On March 29, 2016, the Province of New Brunswick tabled proposed changes to the Industrial Relations Act and the Public Services Labour Relations Act. If passed, these changes would dramatically alter well-established principles of private sector collective bargaining.

Current Legislation

Presently, all disputes arising during the term of a collective agreement must be resolved without stoppage of work. However, upon its expiry, if the parties are unable to agree to terms of a new collective agreement, strikes or lockouts are permitted: unions or employers may invoke the economic pressure of a work stoppage as a collective bargaining tactic.

Currently, the only exception is with respect to the police and fire sectors. As “essential services”, strikes or lockouts are prohibited in that sector. According, if employers and unions are unable to reach a collective agreement in the police or fire sector, either party may submit the dispute to binding interest arbitration and an arbitration board will set the terms of the new collective agreement. 

Key Changes Proposed

Dramatic expansion of interest arbitration: The changes proposed would extend binding interest arbitration to all sectors, not simply police and fire. In other words, if unions and employers cannot agree to the terms of a new collective agreement, either party would be permitted to unilaterally refer the matter to binding interest arbitration, in which case a work stoppage would be prohibited. The terms of the new collective agreement would therefore be imposed by an arbitration board without any strike or lockout.

Change to “final offer” interest arbitration: Presently, interest arbitration boards have wide latitude to select an award deemed appropriate. The proposed amendments would impose a “final offer” framework for monetary matters. This means that, with respect to wages, the arbitration board would be required to choose either the last offer made by the employer or that made by the union; it cannot “split the difference” and make a compromise award. The arbitration board would retain its wide latitude with respect to non-monetary matters.

Change to criteria considered by interest arbitrators: The proposed amendments list five (5) specific factors interest arbitration boards must consider in making their award: wages and benefits in private, public, non-unionized and unionized employment; employment levels and layoffs; the nature of the employment in question including the qualifications required and responsibility assumed; inflation; and the total package of benefits enjoyed by employees (wages, bonuses, pensions, health plans, etc). 

Effect of Proposed Changes – Private Sector Employers

This is one of the most dramatic changes to private sector labour law in the past 50 years anywhere in Canada. It represents a fundamental departure from free collective bargaining in which employers and unions, under the economic threat of strike or lockout, are best positioned to voluntarily negotiate the terms of their relationship. Either party would be able to avoid the possibility of a strike or lock-out by invoking interest arbitration in any round of bargaining.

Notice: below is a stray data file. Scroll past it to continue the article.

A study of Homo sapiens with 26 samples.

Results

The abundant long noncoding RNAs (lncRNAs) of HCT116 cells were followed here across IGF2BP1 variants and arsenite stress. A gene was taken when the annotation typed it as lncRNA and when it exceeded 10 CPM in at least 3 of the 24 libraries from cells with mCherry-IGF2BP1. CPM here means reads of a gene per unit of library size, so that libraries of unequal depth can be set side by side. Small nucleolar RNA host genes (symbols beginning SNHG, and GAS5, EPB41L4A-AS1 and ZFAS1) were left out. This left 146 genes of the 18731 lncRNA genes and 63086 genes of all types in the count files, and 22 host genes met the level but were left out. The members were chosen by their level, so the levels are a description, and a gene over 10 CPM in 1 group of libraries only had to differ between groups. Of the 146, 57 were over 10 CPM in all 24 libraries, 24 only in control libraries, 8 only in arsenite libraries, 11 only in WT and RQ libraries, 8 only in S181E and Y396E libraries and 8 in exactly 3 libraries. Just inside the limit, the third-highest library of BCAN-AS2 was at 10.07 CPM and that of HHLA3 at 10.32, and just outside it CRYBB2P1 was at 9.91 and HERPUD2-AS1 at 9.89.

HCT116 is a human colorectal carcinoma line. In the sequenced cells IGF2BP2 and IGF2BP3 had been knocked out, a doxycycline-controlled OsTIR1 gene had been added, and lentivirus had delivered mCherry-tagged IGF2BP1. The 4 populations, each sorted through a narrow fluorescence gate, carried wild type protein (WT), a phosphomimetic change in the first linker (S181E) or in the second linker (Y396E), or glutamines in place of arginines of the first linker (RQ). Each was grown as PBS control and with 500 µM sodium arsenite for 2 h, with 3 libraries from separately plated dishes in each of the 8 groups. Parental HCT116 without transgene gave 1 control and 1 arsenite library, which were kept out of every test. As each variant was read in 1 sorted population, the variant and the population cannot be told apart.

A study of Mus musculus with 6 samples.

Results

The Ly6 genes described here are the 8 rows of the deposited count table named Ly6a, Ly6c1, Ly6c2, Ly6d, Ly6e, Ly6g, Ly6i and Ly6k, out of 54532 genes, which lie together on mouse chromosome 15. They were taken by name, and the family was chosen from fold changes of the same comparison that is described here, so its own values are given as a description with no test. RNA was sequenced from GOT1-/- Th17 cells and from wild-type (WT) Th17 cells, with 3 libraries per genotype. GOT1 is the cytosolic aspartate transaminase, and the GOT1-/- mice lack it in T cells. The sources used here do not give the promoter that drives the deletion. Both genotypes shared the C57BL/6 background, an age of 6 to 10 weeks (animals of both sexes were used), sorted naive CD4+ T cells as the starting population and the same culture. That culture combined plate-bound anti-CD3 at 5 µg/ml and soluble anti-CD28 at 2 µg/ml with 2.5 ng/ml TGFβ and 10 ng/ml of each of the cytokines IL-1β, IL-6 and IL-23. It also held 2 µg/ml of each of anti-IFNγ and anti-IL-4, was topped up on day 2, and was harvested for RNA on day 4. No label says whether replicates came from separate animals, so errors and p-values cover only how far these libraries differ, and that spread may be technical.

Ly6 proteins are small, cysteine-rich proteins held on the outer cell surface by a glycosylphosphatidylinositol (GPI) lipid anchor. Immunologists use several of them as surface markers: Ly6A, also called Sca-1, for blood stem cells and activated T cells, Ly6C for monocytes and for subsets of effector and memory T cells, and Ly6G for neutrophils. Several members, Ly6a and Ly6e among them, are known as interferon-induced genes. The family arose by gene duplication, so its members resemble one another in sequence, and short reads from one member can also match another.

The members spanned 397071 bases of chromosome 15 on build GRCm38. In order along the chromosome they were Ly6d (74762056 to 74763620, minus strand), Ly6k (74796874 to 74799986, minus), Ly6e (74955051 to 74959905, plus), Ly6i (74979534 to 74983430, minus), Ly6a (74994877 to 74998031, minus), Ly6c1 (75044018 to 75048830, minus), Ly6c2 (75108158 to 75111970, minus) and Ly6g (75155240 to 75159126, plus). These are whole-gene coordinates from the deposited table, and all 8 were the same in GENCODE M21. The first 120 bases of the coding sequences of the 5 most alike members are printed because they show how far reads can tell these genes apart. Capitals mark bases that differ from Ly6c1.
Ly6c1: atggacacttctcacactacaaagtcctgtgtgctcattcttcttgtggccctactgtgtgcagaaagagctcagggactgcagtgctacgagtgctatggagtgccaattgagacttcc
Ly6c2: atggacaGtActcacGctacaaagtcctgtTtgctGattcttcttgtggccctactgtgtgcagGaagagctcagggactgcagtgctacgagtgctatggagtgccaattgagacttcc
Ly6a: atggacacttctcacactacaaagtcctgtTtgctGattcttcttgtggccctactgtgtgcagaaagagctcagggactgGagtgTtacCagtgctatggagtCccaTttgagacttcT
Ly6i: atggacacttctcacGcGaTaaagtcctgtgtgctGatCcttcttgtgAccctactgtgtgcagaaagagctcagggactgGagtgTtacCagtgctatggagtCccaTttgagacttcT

Furthermore, it has the potential to extend the “chilling” and “narcotic” effects of interest arbitration to the entire economy. That is, if parties believe their dispute will ultimately be determined by interest arbitration, incentives to compromise to conclude a collective agreement are “chilled”; and, as parties become increasingly reliant upon interest arbitration to resolve their disputes, a “narcotic” effect occurs wherein they become less able to negotiate. In the last decade, there has been criticism that high wage interest arbitration awards in the police and fire sectors have “chilled” unions’ incentives to bargain collectively as they believe a better result can be obtained through interest arbitration. 

In addition, because interest arbitration boards are notoriously reluctant to alter non-monetary terms of the collective agreement, mandatory interest arbitration may make it very difficult for employers to implement changes necessary to maintain competitiveness. This may discourage employers from locating to New Brunswick or expanding operations here.

Although unions have long advocated for the introduction of first contract interest arbitration in New Brunswick, this is not included in the proposed reforms. 

Effect of Proposed Changes – Employers in Fire and Police Sectors

The proposed changes have a less dramatic impact in the police and fire sectors in which interest arbitration has an established history. 

The move to “final offer” interest arbitration for monetary matters is a welcome development in these sectors as the existing replication model has contributed to rapid wage escalation. Similarly, enactment of explicit criteria to be considered by arbitrators will weaken the present dominance of intra-industry comparisons in wage determination analyses which has contributed to an upward wage spiral in fire and police sectors.

However, the decision to impose a “final offer” framework for monetary matters only will continue to make change in other areas difficult.

Effect of Proposed Changes for Public Sector Employers

While the proposed changes are more significant in the private sector, amendments to the Public Service Labour Relations Act are also proposed to impose a “final offer” framework for monetary matters proceeding to interest arbitration under that legislation.